A lumpectomy defect can leave a significant contour deformity in small breasted women. Many of these patients lack adequate excess breast tissue to perform an oncoplastic closure to prevent a post-operative concavity in the breast. For these patients, tissue from the surrounding chest wall can be elevated and transferred into the breast to fill the lumpectomy defect and prevent contour deformities.
Types of procedures
- Thoracodorsal artery perforator flap (TDAP): This flap originates from the back and is one of the larger local flaps. It is ideal for lateral lumpectomy defects, though it can be used to address more central irregularities.
- Intercostal artery perforator flaps (ICAP): Medial (M-ICAP), anterior (A-ICAP) and lateral (L-ICAP) flaps originate from either the inner, lower or outside of the breast and are utilized to treat neighboring defects.
- Lateral thoracic artery perforator flap (LTAP): Similar to the L-ICAP flap, this is an ideal option for defects along the lateral or outside half of the breast.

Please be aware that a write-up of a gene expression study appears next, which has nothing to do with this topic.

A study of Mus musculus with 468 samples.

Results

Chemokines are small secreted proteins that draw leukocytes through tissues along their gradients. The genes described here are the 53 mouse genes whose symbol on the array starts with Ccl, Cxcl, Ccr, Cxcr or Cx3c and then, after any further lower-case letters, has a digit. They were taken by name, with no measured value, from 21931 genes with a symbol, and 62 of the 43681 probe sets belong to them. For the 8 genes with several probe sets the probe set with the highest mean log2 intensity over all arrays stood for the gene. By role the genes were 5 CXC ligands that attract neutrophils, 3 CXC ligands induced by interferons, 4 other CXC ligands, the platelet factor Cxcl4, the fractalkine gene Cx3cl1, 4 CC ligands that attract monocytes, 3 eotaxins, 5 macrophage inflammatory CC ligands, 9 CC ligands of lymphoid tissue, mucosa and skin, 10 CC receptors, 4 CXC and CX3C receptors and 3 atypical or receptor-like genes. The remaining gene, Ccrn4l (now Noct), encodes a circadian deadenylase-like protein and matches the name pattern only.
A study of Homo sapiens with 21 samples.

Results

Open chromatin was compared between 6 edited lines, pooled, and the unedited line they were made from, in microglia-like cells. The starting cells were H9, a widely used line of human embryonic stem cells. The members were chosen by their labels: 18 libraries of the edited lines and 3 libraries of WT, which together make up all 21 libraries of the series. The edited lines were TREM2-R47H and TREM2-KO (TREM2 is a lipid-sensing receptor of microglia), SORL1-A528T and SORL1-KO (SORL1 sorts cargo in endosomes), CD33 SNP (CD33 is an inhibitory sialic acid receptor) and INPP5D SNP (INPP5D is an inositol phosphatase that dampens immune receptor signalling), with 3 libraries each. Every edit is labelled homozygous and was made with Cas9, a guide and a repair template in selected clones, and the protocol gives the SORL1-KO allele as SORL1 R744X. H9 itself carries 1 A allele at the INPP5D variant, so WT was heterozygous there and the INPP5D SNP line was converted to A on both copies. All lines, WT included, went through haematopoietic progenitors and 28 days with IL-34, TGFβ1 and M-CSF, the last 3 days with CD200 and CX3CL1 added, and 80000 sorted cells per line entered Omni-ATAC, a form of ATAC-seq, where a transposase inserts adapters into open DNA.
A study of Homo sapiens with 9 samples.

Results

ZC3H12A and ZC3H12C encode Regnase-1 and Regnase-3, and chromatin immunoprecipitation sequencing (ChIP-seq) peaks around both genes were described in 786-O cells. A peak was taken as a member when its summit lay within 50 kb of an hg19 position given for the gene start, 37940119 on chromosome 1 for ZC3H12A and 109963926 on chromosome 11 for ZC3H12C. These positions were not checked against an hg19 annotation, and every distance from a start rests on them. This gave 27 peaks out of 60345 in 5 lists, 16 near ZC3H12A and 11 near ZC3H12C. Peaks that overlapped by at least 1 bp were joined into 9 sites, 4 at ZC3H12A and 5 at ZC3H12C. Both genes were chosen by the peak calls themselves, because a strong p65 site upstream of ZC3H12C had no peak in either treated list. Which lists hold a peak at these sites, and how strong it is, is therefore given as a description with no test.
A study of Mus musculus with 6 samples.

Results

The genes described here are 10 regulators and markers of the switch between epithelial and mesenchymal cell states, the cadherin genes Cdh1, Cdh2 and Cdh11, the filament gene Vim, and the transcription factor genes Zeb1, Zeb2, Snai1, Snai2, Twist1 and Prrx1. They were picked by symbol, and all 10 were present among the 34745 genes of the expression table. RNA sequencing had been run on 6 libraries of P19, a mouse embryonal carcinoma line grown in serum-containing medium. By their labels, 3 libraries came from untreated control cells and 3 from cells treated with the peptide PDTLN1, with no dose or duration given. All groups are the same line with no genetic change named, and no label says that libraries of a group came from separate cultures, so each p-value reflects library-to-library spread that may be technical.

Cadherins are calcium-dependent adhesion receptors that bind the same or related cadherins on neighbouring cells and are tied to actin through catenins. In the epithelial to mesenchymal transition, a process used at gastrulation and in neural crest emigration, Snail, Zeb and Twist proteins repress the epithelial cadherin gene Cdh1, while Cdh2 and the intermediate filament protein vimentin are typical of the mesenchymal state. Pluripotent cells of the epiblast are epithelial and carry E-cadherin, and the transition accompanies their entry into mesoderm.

- Markings are performed prior to surgery in the standing position
- The lumpectomy is performed by your breast surgeon
- Following completion of the lumpectomy, the local flap is mobilized and transferred into the lumpectomy defect by your plastic surgeon
- The flap is shaped and secured in place
- Both the breast and the site where the flap originated are closed
Risks & Benefits
Replacing breast volume with local flaps extends breast conservation options therapy to women with smaller breasts that would otherwise require a mastectomy. Local flaps can be performed efficiently and can often be accomplished as ambulatory procedures.
For some flaps, tissue originates from the side of the chest or the back, which requires us to extend the incisions beyond the breast. Care must be taken while mobilizing the flap to preserve the blood supply. This requires expertise and should be performed by a surgeon with experience in perforator flaps. The surgeons at NYBRA Plastic Surgery are experts in microsurgery and perforator surgery and routinely perform such reconstructions with a success rate of greater than 99%.